In order to safeguard our environment, we must first have tools that give us information about its health. Biodiversity monitoring is crucial for providing this information. One form of this is bird species richness surveys, which have traditionally been conducted by having an experienced bird-watcher travel to a location to make observations. This is a time-consuming and expensive task.
An emerging alternative approach is to record audio from an ecologically significant location and then listen to it at a later stage for species identification. Unlike on-site surveys, using audio recordings allows the capture of long periods of audio that can then be listened to non-sequentially. Samples can be chosen from throughout the long recording and presented to an ecologist in any order. By selecting this set of samples intelligently, the listener will be able to observe more species in less overall time, increasing the efficiency of their labour.
This thesis investigates methods to make this selection of samples from a long recording in order to maximise the number of bird species contained in a given number of selected samples. The task of species identification remains with the human listener, but the process of selecting the rich subset of the recording is performed by a machine.
We first lay out the framework whereby the problem is decomposed into two parts: how to estimate the internal variety of call types within each candidate sample, and how to estimate the inter-sample dissimilarity. The former allows us to find samples with a high overall number of species and the latter to avoid selecting samples whose species overlap heavily with previously selected samples.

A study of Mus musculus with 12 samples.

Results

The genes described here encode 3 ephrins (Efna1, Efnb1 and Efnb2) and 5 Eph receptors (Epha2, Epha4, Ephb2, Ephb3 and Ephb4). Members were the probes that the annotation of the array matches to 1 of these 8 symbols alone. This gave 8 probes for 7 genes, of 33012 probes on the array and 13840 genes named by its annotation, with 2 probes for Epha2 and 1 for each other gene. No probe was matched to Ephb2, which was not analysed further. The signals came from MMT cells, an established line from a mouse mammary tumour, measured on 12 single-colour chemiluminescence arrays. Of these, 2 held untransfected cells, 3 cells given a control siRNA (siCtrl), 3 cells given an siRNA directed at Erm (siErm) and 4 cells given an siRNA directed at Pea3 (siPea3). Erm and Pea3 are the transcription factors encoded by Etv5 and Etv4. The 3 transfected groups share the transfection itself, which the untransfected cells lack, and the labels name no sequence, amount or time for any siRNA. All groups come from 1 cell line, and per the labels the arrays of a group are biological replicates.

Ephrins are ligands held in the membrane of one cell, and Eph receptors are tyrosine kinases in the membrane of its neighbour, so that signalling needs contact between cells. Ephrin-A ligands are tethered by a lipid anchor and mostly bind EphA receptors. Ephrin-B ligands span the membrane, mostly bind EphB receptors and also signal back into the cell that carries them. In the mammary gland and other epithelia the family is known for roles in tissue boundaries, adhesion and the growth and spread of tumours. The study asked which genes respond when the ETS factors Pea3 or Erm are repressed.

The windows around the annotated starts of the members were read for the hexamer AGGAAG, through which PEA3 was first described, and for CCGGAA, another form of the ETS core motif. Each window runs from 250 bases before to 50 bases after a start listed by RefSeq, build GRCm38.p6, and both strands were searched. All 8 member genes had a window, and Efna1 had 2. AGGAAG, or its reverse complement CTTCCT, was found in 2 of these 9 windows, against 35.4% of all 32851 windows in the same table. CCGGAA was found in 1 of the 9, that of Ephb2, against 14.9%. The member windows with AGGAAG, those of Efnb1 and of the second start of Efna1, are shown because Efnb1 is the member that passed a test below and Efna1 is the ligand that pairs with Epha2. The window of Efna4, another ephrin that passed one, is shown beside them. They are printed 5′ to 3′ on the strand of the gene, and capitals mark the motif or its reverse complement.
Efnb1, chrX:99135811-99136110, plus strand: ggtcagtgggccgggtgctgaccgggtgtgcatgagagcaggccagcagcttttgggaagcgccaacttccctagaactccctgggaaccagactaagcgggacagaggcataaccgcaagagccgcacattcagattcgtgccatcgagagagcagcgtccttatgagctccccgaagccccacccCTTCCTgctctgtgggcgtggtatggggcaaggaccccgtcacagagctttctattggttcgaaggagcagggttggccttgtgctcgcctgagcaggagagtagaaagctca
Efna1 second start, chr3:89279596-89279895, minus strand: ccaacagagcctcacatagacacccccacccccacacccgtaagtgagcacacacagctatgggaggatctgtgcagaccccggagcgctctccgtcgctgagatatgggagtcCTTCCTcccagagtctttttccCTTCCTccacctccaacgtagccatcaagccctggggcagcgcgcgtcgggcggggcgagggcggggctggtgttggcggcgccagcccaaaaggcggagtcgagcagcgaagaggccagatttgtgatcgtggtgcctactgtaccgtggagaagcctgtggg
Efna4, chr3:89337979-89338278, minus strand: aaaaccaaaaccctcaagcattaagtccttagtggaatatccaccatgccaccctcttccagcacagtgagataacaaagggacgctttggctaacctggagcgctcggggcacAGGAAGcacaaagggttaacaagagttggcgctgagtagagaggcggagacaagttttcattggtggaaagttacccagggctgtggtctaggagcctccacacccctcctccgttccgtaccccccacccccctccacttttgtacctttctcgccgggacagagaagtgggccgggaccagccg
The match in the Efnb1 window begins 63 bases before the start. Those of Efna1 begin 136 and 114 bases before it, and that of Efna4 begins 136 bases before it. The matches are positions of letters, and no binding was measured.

The primary way that these objectives are achieved, and the main contribution of this thesis, is through clustering short segments of audio and using the clusters contained within each sample to estimate the internal variety of call types as well as comparing clusters between samples to estimate their dissimilarity. Two methods of segmentation are used, and, for each one, an appropriate set of preprocessing steps and feature representation was developed. Arising from this pipeline of computational steps is also a novel visualisation tool that can allow a user to rapidly scan long-duration recordings by filtering out parts with low activity and repetition of the same call types.
An algorithm was developed that scores samples based on a combination of their cluster content with other estimates of the internal variety and intra-sample dissimilarity. These other estimates are based on prior knowledge about the daily patterns of vocal activity and durations that species call for at a given time, as well the overall acoustic activity of each sample. The best combination of methods outperforms existing methods, such as randomly sampling from the dawn chorus.
Together, these contributions help to advance the field of ecoacoustics for bird species monitoring and offer a way forward towards developing valuable tools for the exploration of ecological audio recordings.